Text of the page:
A Syrian rebel fighter from the Failaq al-Rahman brigade opposed to the regime mans a position in the town of Arbin in the eastern Ghouta region on the outskirts of the capital Damascus on Feb. 26, 2016. AMER ALMOHIBANY/AFP/Getty Images

Correction, Monday, 7:50 a.m. EDT: A previous version of this article said that Moscow did not immediately respond to Saudi Arabian allegations that Russia had violated the ceasefire. Russian Deputy Foreign Minister Mikhail Bogdanov said Sunday that the Saudi statement contradicted a United Nations resolution. President Vladimir Putin's press secretary Dmitry Peskov said Monday that accusations about ceasefire violations should only be made with caution.

MOSCOW — As a tentative ceasefire in Syria entered its third day Monday, commentators and state-owned media in Russia hailed the deal as proof that Russia is one of the world’s key decision-makers.

Russian President Vladimir Putin made a rare television appearance to announce the end of hostilities, which came into effect midnight Friday, and the Russian leader has appeared to stake his reputation on the success of the deal. Moscow has thrown its full diplomatic weight behind an international push to end the fighting in Syria’s five-year civil war, in which Washington and Moscow are acting in the capacity of peace guarantors.

“The essence is that two great powers, the United States and Russia, are taking direct responsibility for peace in Syria,” television presenter Dmitry Kiselyov said Sunday, during a weekly news program on state-owned channel Rossiya 24.

Russia was internationally isolated after its annexation of the southern Ukrainian region of Crimea in 2014 and its backing for an anti-Kiev insurrection in the east of the country. But Moscow’s increasingly prominent involvement in Syria has allowed the Kremlin to portray Russia as indispensable to global decision-making.

Footage broadcast by several state-owned channels over the weekend showed Syrian children chanting “Russia, Russia, Russia” and Russian soldiers handing out humanitarian aid to civilians. Russian fighter jets, which have carried out an intensive five-month bombing campaign in Syria, were also shown covered in tarpaulins as Moscow announced it had halted sorties.

Russian military official Sergei Kuralenko is pictured on screen during a video link with foreign military attaches at a news briefing, organized by Russian Defence Ministry in Moscow, Feb. 27, 2016. Reuters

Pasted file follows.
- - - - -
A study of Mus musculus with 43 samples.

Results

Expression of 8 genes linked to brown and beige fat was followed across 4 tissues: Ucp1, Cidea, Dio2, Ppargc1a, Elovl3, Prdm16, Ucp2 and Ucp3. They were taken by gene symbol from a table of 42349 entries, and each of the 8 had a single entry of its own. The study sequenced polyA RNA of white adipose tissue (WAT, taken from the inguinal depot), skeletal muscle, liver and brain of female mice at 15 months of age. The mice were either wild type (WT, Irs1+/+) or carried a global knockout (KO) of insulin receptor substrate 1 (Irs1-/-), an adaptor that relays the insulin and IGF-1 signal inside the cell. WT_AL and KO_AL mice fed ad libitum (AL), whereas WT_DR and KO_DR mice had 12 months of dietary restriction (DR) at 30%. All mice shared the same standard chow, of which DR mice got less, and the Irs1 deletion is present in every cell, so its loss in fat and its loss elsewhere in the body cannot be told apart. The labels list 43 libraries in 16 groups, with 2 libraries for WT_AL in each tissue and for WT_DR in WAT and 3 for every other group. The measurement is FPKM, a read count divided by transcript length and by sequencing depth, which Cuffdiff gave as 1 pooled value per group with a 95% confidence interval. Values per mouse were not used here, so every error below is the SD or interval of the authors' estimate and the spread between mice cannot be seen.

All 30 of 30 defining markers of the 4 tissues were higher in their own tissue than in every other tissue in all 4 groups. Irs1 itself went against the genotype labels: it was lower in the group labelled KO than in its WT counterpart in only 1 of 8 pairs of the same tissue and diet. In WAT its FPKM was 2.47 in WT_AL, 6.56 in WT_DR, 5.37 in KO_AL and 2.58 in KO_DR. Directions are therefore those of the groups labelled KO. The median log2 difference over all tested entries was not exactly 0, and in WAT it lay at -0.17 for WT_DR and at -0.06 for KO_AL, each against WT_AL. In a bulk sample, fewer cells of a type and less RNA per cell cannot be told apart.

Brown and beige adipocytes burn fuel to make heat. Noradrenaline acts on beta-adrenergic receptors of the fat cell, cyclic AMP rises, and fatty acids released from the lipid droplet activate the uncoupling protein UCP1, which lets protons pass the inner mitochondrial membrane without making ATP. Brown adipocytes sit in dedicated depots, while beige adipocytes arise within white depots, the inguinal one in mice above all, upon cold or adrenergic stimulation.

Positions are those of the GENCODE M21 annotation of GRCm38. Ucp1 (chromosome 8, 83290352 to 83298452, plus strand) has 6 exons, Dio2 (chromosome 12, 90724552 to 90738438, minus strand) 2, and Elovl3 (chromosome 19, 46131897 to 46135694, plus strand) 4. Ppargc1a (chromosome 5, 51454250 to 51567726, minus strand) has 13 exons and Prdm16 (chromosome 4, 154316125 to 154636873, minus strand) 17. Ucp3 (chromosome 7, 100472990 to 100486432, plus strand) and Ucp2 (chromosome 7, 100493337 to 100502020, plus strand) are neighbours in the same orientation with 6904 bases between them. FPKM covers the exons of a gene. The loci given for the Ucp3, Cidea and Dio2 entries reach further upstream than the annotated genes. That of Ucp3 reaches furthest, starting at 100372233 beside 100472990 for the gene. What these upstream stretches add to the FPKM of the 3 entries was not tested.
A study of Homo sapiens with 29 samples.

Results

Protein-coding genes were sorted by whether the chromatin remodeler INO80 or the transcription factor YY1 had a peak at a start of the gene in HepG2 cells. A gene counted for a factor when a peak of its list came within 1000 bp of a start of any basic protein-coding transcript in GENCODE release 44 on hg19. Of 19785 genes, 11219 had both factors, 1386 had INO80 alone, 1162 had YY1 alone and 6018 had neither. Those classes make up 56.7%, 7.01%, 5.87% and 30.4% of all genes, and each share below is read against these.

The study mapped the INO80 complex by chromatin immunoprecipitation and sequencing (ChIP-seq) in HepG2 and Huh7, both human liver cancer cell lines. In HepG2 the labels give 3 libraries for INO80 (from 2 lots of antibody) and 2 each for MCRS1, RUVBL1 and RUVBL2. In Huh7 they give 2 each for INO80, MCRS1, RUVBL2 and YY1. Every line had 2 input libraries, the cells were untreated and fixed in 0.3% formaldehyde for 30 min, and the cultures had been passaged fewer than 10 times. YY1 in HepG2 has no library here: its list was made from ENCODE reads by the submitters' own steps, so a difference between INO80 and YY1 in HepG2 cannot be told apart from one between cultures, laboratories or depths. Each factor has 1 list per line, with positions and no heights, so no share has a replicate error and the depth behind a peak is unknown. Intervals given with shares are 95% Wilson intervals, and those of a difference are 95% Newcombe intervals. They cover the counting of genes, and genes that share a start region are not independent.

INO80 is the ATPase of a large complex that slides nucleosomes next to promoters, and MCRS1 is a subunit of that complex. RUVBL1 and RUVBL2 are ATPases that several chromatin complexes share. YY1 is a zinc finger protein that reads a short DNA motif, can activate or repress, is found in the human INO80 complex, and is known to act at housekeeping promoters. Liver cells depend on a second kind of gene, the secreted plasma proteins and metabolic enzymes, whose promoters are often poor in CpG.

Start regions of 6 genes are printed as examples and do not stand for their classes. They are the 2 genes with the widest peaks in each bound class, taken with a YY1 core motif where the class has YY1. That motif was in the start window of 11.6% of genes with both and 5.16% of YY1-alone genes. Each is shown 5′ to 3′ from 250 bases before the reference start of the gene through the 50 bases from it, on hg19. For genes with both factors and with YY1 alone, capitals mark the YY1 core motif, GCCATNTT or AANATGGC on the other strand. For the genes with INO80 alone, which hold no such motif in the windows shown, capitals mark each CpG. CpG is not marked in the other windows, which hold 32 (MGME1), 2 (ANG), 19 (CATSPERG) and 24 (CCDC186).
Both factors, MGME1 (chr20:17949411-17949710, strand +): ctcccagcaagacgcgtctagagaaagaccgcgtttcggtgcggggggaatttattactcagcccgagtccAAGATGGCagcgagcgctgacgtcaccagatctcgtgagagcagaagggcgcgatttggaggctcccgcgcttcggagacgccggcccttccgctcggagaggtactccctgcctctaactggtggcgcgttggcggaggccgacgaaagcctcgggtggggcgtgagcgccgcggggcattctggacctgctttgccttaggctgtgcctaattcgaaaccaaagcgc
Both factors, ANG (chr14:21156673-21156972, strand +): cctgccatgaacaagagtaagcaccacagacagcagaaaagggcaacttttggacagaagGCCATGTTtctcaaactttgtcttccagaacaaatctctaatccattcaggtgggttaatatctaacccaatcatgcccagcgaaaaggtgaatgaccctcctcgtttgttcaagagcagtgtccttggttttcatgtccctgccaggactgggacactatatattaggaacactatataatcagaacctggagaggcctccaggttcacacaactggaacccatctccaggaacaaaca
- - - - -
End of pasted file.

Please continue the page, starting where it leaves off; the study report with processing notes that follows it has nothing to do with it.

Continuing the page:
“Almost all experts agree that a ceasefire could not even have been discussed if Russia was not involved in Syria,” a reporter on state-owned Channel One said Sunday during a news broadcast.

The Kremlin has strongly backed Syrian President Bashar Assad throughout the regime’s struggle against a myriad of opposition groups, and the regime’s forces have made a series of significant military gains in recent weeks. Western countries accuse Moscow of bombing moderate rebel groups, rather than the Islamic extremists and terrorists the Kremlin insists it is targeting.

Russian Foreign Minister Sergei Lavrov and his U.S. counterpart John Kerry spoke by telephone Sunday for the second day in a row. The two men “confirmed the importance of close military cooperation,” according to a statement from the Russian Foreign Ministry.

But the new ceasefire does not extend to the so-called Islamic State group or Jabhat al-Nusra, the Syrian offshoot of al Qaeda, and experts have expressed fears that the close entanglement of military positions on the ground could allow Russia and Syrian forces to continue targeting moderate opposition groups under the guise of hitting extremists.

Saudi Arabia, a key backer of the Syrian opposition, said Sunday that Syrian and Russian forces had already broken the terms of the truce. “There are violations to the ceasefire from Russian and [Syrian] regime aircraft,” Saudi Arabia's Foreign Minister Adel Jubeir told reporters in Riyadh, Agence France-Presse reported.

There were also reports from anti-government activists that, after a lull on Saturday, airstrikes resumed on opposition positions Sunday.

Souvenir mugs featuring Syria's President Bashar Assad, Russia's President Vladimir Putin and Lebanon's Hezbollah leader Sayyed Hassan Nasrallah are seen among other items for sale in old Damascus, Feb. 8, 2016. Reuters

Russian media focused on reports alleging that Turkish forces continued firing into Syrian territory in an attempt to hit Kurdish forces. “[Erdogan] is prepared to embark on the road to genocide: the West is silent but it’s getting harder to avoid this topic,” influential Russian television presenter Kiselyov said Sunday.

There has been a dramatic worsening of relations between Ankara and Moscow since a Turkish fighter downed a Russian jet near the Syria border last year.

The head of the Russian coordination center in Syria, Sergei Kurylenko, said on state television Sunday that the ceasefire was holding "in general" but listed nine violations that he said had taken place since it had begun, including an incursion of 100 men across the Syrian border from Turkey.